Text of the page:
By Chen Jia | | Updated: 2020-04-02 19:36

International cooperation and macroeconomic policy coordination can mitigate the unprecedented economic impacts of the novel coronavirus and preserve financial market stability, and governments should take more proactive actions to ward off a possible recession, according to a senior central bank official.

Zhu Jun, head of the International Department of the People's Bank of China, the central bank, shared that opinion in an exclusive interview with China Daily on Thursday, a week after the G20 Extraordinary Leaders' Summit on COVID-19.

At that special summit, President Xi Jinping called on G20 members to enhance international macroeconomic policy coordination to address the negative impacts and prevent the world economy from falling into a recession.

The G20 finance ministers and central bank governors are now developing the Action Plan in Response to COVID-19 per agreement reached at the Special Summit. The G20 countries are injecting over $5 trillion into the global economy as part of targeted fiscal policies, economic measures and guarantee plans to counteract the impacts of the virus outbreak.

As the outbreak continues around the globe, with speed and intensity exceeding earlier expectations, its impact on the real economy is intensifying.

The outbreak has caused a sharp fall in aggregate demand after consumption and the service sector took a direct hit from the lockdowns. Aggregate demand also has dwindled due to the closure of factories almost across the global supply chain.

Unemployment is rising rapidly in a magnitude unseen even in the global financial crisis. Market expectations have deteriorated as reflected in the poor Purchasing Managers' Index readings in major advanced economies. The International Monetary Fund has revised downward its global growth projections several times and expected to see negative growth figure this year.

The uncertainties and recession risk have rattled financial markets, prompting sell-offs across asset classes and causing a shortage of US dollars on international financial markets.

Many economies have taken aggressive monetary easing measures. About 40 central banks cut interest rates in a total of more than 50 moves in March. These measures did not immediately stabilize the market.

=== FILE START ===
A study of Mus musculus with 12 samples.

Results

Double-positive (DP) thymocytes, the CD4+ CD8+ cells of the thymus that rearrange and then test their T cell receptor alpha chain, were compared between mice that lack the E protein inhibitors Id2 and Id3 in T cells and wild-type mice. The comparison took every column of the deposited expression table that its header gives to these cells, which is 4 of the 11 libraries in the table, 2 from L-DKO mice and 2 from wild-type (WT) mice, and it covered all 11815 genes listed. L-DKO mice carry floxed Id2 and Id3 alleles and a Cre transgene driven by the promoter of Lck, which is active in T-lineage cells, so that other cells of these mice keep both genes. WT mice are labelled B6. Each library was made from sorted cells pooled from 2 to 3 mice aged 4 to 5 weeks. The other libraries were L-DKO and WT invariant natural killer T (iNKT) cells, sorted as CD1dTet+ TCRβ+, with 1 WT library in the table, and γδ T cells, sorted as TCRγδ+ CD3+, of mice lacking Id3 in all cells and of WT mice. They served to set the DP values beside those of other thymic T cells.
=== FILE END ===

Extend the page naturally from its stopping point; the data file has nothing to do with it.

"Monetary policy measures, even adopted in a rapid and very aggressive manner, cannot directly control the virus spreading. More powerful epidemic prevention and control measures, and more proactive fiscal policies are needed to stabilize market confidence," said Zhu.

The PBOC official noted that market sentiment worldwide has improved recently.

"Along with rapid and aggressive monetary policy responses, fiscal policies and other policies are catching up now, which have helped abate market panic", Zhu said.

But as the pandemic is still taking its toll on the real economy, investors' confidence remains weak. In case of further bad news, financial market turmoil may be re-triggered, Zhu said.

The PBOC official listed some potential risks, including stock price adjustments in developed countries, structural liquidity shortage, which may cause cross-market risk contagion, and rising non-performing loans of banks and corporate bond defaults.

As the US dollar index sharply rose to 103 on March 20 from 94.6 on March 9, the RMB depreciated against the greenback by 2.4 percent. "The RMB performed the best among major currencies (amid the market turmoil)", said Zhu, comparing with 6.3 percent drop of euros and 12 percent decline of pound sterling against the US dollar.

The overseas market volatilities have a spillover effect on developing countries, through channels such as weak market confidence, she said.

Amid uncertain prospecst of the pandemic, a steep fall in oil prices and global financial market turbulence, emerging markets are facing record-high capital outflows. Many heavily-indebted countries found it harder to service their debts, and have applied for assistance from the IMF. Some developing countries have limited policy capacity to cope with the health crisis, and they need more support from the international community, Zhu added.

Some opinions from the market compared the impact of the pandemic with that of the Great Depression (1929-1933). "I think they are too pessimistic, but that could remind policymakers all over the world to be vigilant about the risks."

"Under the condition that countries are working together to effectively contain the virus and spur the global economy, the impact of the pandemic will be largely mitigated," she said. "The international community should be fully alert to the risks of economic recession and systemic financial risks. Closer international cooperation and coordinated global response are needed."

The PBOC supported joint actions under the G20 mechanism and global financial safety net to work out a policy mix, in particular those measures targeting small and medium-sized enterprises that would help address the impact of COVID-19 in the short term, and bolster long-term economic recovery, said a statement on Wednesday.